Really. Remember when the idea of Hate Crimes was open for debate, and a heated one at that? Remember when the idea was considered a dangerous step by some very sane, thoughtful individuals who saw danger in the idea that the reason you kill somebody based upon subjective labels could indicate whether your crime was worse than killing someone else, all things equal?
This came back to me as I find out, just strolling through the Internet, that a historic Orthodox Christian Church in New York City was burned to the ground on Orthodox Easter Sunday. You'll forgive me for not mentioning it earlier. I didn't hear about it. I didn't see anything about it. I did notice something on the news about fires in NYC, but when I checked, it looked like commuter fires or something similar.
Anyway, the story I found in the NYT went out of its way to point out that there was no suspicion. Think on that. Imagine if a Synagogue was burned to the ground. Or a Black church. Or a Mosque. What do you want to bet that the theory would almost universally be 'hate crime', with overwhelming evidence needed to convince us otherwise. With no more information than we have, we would have assumed hate crime where in this case there is none.
None, at least, according to the NYT. Over at the New York Post, it looks like some are noticing that there were three other churches that burned on that same Sunday. That is prompting some to go radical and think, you know, that there could be a connection. I'm not saying they were the result of hate crimes or deliberate attacks. I'm saying that, if this had been certain other locations burned, you can bet the media headlines would start with hate crime and only retreat if overwhelming evidence suggested otherwise.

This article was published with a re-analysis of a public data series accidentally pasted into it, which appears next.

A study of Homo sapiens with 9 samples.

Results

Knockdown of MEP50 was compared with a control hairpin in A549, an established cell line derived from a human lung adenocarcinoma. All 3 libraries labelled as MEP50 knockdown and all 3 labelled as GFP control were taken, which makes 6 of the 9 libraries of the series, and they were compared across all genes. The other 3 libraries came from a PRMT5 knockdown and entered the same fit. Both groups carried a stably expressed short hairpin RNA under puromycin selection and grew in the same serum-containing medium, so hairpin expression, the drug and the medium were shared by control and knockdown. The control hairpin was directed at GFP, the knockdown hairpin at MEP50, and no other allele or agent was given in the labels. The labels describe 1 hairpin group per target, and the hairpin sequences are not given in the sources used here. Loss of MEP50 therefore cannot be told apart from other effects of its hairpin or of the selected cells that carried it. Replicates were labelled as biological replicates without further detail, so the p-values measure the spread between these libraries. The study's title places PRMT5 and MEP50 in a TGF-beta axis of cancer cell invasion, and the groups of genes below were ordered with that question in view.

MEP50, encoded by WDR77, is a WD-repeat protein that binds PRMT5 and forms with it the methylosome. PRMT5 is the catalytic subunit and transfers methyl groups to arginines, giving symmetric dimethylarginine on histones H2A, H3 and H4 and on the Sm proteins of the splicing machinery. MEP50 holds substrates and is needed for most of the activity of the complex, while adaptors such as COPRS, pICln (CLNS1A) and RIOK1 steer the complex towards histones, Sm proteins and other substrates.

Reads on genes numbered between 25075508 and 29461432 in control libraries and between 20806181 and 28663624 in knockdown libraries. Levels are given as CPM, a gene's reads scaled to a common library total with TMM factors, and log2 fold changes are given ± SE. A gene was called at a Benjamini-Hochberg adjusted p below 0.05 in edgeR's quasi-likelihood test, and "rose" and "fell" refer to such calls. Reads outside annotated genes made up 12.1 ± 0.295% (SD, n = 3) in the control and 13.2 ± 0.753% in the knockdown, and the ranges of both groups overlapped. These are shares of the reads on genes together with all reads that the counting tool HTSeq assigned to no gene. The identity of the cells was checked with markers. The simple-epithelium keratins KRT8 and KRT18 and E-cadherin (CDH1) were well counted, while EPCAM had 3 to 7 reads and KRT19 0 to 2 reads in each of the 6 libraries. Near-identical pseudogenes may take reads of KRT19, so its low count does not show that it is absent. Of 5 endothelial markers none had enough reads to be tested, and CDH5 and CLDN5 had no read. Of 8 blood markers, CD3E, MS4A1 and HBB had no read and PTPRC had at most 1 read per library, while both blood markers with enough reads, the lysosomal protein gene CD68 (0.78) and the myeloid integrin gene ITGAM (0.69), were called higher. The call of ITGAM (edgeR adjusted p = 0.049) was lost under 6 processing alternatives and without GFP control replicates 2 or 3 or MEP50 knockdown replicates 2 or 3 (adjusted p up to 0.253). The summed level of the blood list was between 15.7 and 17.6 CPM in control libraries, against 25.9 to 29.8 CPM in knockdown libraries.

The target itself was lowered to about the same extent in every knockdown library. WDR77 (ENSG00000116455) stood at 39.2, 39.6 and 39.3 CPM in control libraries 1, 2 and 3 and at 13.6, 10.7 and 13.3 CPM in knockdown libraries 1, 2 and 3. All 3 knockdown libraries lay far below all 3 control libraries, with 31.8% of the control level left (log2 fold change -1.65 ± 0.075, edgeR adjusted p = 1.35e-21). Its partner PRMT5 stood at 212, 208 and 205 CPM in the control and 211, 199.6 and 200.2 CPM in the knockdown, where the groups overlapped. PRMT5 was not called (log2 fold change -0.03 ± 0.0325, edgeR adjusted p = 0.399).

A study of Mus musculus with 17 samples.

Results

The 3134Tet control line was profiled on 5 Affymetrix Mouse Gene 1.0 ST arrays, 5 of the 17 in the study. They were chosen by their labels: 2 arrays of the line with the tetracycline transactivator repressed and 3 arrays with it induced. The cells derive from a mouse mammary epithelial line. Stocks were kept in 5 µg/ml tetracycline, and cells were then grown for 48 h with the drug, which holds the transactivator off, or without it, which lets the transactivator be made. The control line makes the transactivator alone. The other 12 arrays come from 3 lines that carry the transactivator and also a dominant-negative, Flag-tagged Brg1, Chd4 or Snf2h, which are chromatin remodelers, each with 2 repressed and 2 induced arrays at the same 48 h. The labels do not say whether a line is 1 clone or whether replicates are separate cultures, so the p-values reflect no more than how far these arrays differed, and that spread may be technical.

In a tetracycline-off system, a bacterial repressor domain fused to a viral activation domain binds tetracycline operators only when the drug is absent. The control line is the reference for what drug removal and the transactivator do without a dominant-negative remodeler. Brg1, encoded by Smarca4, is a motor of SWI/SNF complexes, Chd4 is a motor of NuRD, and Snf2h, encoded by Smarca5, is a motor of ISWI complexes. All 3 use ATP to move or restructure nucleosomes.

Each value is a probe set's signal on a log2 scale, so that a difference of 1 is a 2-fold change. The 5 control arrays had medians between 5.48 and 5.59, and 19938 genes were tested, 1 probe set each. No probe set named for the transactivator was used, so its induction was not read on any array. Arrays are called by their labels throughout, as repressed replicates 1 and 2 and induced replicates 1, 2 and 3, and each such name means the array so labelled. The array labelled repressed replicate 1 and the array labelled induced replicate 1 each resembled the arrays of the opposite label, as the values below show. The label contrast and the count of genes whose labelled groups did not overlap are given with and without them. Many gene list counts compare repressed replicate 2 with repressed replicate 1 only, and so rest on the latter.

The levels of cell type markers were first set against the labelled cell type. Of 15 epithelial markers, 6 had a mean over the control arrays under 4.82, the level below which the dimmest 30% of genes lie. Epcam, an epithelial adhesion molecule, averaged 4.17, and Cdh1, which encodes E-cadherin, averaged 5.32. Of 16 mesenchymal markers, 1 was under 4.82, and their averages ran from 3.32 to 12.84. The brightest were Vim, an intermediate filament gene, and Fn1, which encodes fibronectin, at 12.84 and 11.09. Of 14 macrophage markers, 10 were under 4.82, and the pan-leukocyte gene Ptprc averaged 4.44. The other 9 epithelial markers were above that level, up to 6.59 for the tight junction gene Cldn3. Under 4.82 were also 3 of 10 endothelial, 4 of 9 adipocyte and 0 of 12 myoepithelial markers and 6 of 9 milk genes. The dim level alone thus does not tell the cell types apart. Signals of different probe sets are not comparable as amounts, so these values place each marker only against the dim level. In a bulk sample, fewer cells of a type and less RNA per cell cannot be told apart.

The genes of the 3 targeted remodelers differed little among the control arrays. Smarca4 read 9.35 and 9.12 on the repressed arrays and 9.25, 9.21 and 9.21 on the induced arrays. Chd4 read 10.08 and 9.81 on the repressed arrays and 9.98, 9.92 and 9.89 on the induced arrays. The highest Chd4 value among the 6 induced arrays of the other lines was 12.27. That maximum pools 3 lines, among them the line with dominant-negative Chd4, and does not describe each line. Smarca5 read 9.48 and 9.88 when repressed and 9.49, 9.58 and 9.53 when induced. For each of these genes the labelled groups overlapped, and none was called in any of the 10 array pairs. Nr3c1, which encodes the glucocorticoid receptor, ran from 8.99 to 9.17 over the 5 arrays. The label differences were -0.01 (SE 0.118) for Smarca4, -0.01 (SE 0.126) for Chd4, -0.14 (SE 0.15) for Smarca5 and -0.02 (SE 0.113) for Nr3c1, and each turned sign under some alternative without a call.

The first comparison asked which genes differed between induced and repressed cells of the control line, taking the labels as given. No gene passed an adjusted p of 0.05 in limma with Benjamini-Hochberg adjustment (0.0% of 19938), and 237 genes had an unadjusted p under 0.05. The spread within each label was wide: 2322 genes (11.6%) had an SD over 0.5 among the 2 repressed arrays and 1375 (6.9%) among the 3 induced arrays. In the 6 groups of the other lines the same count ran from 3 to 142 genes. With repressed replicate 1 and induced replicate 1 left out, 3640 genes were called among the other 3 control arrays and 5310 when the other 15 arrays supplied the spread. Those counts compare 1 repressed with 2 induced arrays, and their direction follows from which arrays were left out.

It reminds me of a string of church fires here in north central Ohio a few years back. Most were Catholic. One was the Catholic church in my childhood hometown. They happened within a few weeks of each other. Our local news mentioned each one, but with no connection. The national media didn't cover it at all. I still don't know anything about the cases, since nobody is bothering with them.
So you see, that is a problem with Hate Crimes. They are based on subjective labels, and they are subjectively applied based upon the proprieties or fancies - or dare I say, prejudices - of the moment. They are also a way of starting down that path that says 'these people are, in the end, a little more important than those people over there.' And that can be seen in the lack of coverage or concern given to what, if it was a story about fires across a string of Mosques or Synagogues or Gay Bars, would warrant enough attention to overtake the media obsession with Donald Trump.